Being a freeholder means that you are the closest you can get to owning propert outright in English common law. Freeholders can take many forms; they can be individuals, finance companies, mixed use companies (owning both commercial and residential properties in the same development) and ground rent investors. There can also be leasehold resident management companies which are often marketed as ‘share of the freehold’.

A block of flats can also have more than one freeholder if the freeholder who owns the ‘superior’ lease sells what is known as an ‘intermediate’ lease to another party. That party becomes the ‘head lessor’ who can then grant ‘under leases’ to the leaseholders of each flat, making the head lessor their landlord.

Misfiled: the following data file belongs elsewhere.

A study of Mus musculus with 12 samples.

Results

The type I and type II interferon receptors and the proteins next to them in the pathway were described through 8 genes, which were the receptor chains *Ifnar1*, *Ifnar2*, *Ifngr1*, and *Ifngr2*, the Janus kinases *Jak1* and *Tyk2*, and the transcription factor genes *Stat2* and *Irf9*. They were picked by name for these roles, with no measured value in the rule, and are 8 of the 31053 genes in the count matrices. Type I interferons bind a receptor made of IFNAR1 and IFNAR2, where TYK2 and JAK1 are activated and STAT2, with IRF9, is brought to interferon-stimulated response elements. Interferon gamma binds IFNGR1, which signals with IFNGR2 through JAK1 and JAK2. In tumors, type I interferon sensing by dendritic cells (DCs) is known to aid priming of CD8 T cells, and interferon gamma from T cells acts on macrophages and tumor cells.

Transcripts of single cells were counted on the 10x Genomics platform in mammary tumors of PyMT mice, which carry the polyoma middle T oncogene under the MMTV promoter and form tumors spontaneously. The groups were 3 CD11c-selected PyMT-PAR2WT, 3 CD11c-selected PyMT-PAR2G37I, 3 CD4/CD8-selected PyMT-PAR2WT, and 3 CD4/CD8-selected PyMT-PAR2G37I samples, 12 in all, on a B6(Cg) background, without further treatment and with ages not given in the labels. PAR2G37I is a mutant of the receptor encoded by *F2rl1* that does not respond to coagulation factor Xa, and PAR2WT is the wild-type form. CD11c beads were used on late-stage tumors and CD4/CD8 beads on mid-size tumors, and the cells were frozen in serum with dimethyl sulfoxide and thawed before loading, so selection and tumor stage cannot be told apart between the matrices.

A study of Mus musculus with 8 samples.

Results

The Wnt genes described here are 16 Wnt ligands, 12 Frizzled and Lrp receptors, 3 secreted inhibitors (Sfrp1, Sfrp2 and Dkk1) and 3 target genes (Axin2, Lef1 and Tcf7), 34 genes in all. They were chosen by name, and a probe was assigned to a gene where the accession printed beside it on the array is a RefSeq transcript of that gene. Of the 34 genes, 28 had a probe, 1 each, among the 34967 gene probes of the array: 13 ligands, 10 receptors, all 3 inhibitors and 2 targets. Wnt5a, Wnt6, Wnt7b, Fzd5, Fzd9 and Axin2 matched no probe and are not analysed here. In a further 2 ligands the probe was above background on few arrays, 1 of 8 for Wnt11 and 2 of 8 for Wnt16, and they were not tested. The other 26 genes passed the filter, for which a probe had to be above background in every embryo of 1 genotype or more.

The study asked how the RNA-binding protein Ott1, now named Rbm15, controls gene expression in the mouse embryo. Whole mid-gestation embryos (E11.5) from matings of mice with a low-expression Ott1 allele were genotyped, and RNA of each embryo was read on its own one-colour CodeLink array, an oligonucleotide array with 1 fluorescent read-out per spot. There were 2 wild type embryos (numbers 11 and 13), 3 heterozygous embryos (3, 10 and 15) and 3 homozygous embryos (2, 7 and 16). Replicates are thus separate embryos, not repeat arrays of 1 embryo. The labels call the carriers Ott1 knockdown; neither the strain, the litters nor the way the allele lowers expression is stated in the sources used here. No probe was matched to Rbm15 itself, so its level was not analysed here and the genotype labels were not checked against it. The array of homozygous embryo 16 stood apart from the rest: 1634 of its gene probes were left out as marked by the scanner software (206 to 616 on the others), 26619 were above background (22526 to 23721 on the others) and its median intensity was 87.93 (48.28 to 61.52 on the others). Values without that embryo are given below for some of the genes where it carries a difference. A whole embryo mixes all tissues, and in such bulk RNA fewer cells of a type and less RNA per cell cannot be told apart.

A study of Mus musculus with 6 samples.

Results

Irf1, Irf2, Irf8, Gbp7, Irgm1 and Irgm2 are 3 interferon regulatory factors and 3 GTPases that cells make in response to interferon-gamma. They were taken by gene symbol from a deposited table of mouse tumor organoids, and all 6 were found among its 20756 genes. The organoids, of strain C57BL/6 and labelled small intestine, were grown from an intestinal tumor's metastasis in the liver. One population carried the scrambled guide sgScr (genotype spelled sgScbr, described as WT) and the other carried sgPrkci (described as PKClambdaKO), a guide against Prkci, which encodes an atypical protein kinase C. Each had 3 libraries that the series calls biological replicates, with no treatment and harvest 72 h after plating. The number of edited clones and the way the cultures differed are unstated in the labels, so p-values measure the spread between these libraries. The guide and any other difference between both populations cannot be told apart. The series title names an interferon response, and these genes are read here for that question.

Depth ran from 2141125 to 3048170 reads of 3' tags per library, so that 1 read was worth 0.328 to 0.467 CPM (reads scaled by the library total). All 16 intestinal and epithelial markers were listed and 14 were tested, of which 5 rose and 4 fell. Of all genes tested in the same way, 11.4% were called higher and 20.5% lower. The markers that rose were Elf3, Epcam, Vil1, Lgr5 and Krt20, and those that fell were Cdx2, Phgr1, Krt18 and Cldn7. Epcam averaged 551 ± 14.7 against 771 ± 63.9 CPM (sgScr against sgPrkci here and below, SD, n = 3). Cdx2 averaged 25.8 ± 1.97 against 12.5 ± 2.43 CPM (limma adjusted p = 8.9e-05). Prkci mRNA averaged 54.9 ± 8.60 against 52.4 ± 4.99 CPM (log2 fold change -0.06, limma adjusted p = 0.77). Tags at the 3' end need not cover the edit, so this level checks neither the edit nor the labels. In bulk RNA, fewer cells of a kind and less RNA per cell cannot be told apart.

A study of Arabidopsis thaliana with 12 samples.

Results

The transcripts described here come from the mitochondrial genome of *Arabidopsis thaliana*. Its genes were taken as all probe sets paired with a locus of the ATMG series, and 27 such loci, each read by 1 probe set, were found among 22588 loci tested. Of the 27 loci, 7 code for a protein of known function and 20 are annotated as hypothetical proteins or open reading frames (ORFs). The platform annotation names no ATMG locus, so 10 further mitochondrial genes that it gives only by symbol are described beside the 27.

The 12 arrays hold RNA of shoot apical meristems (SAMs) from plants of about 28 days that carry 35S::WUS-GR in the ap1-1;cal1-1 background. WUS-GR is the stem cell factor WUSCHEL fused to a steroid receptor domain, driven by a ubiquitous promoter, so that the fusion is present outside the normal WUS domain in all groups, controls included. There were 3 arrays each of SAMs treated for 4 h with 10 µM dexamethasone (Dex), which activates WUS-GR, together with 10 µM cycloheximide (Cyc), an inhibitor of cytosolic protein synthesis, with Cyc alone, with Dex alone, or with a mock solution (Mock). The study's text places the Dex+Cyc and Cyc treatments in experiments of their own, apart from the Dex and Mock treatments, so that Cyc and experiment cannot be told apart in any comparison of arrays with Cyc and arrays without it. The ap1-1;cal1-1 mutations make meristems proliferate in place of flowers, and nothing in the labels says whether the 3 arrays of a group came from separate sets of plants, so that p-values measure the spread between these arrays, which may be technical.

This then results in 3 different levels of ownership in the building:

  1. The freeholder who has the highest level of overall ownership;
  2. The head lessor (also called the head lessee) who is directly responsible to the leaseholders;
  3. The leaseholder.

Some freeholders self-manage their blocks but most use the services of a managing agent.

Note: Freeholders are also known as landlords in common law but this is not to be confused by a landlord subletting a property.

Leaseholders are also entitled under legislaton to know the identity of their landlord. A request in writing can be made to the following:

  1. The person who demands rent;
  2. The person who last received rent;
  3. The person who acts as the landlord’s agent.

The person receiving the request must supply the leaseholder with a written statement of the landlord’s name and address within the period of 21 days, beginning with the day on which they receive the request. This also applies if the landlord is a company in which case leaseholders can also request the name of every Director and the Company Secretary.